How to enjoy breakfast like Lao people?


If you have the oppotunity to travel Laos, do not miss to try these delicious breakfast dishes below:

>>5 delicious rice meals recipes of Laotian

Chew Nakork

Hard boiled eggs, sliced into quarters, line the outside of a plate filled with sautéed vegetables in the center. On the side, you get your big serving of steaming hot sticky rice and the chili herb paste. You eat the eggs and veggies together, and, as always, ball up pieces of sticky rice with your fingers, dip into the chili and eat that with your fingers.

Chew Nakork (via Flickr)

Baguette with condensed milk

The French influence comes from 50 years during which Laos was a protectorate of France (1893 – 1954), so in addition to crumbling French colonial architecture in cities like Luang Prabang, the baguette still remains a daily staple in Laos. There are baguette stands everywhere, even in rural villages, but rather than a healthy helping of ‘fromage’, these baguettes come two ways. One is the $1 lunch/dinner option – piled high with chicken, ham, lettuce, cabbage, avocado, egg, even plastic cheese singles – and the other is the breakfast baguette, a truly Lao/French fusion food. Here you cut the baguette open, pour half a can of sweetened, thick condensed milk over it, and voila: A simple but delicious sweet breakfast baguette, best enjoyed with a cup of delicious Lao coffee, which also usually comes with three or four spoonfuls of the same condensed milk.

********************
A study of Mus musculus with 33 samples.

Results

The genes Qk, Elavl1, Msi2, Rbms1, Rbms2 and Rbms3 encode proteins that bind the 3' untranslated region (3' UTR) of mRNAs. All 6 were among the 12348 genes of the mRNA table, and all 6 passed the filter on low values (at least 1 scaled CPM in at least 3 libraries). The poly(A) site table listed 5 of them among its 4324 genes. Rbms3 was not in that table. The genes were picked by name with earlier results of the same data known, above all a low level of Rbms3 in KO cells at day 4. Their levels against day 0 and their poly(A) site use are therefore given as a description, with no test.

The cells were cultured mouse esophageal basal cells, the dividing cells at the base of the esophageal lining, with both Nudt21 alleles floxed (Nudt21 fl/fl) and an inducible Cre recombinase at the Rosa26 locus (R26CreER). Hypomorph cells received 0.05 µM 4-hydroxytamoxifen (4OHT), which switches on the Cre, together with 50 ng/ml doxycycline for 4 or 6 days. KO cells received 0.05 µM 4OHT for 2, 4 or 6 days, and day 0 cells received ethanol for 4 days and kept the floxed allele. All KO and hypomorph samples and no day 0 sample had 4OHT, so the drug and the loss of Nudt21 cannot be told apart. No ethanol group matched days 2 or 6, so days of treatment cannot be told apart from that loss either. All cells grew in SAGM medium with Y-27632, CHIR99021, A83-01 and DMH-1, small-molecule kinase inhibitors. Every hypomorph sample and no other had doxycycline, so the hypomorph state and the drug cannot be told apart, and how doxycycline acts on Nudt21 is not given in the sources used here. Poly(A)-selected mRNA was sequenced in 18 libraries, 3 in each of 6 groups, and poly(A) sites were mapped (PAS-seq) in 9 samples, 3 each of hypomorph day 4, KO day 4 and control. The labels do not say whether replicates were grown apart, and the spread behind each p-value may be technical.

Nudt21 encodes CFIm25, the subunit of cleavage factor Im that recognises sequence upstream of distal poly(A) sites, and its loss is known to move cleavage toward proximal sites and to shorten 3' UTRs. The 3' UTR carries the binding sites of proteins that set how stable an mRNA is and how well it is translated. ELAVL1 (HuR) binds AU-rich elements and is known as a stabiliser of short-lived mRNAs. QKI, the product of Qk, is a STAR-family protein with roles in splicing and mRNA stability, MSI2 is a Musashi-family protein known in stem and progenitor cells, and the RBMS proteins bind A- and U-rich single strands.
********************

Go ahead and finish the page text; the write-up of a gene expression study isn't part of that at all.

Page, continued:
Baguette with condensed milk (via blogger)

Khao Piak Sen

Khao Piak Sen is the typical Lao noodle soup, made from rice noodles, and served for breakfast as well as for lunch and dinner. The soup usually comes with chicken or pork, but a veggie version can also be found in some places.

Khao Soy Noodle Soup

Khao Soy is another type of noodle soup, this one is influenced by Burmese cuisine.  however, this one is influenced by the Burmese cuisine. Also widely spread throughout Northern Thailand, Khao Soy is made from rice noodles, is spicier than Khao Piak Sen and contains lots of spices and hunks of vegetables (shallots, garlic, onions, cilantro, tomatoes and chillies) along with either pork, duck or chicken.

Nem Leuang

Nem Leuang (via

Nem leuang is similar to the Vietnamese omelet banh xeo. A thick crepe made from rice flour and turmeric is filled with spring onions, bean sprouts and morning glory and topped with ground peanuts and a delicious sweet-sour sauce – only 10,000 kip. Add sausage (15,000 kip) or chicken (20,000 kip). Look for the outdoor shack on the Mekong beside the big sindaat (Lao barbecue) buffet, directly behind the Morning Market. They make theirs on a wok over a wood fire. The setting is rustic but the tables are clean, service is friendly and yes, it’s incredibly yummy.


Youtiao is also known as a ‘Chinese donut’ and one of the many items that made their way into Lao cuisine from China. It is usually served as a side for rice porridge (congee) or Khao Tom.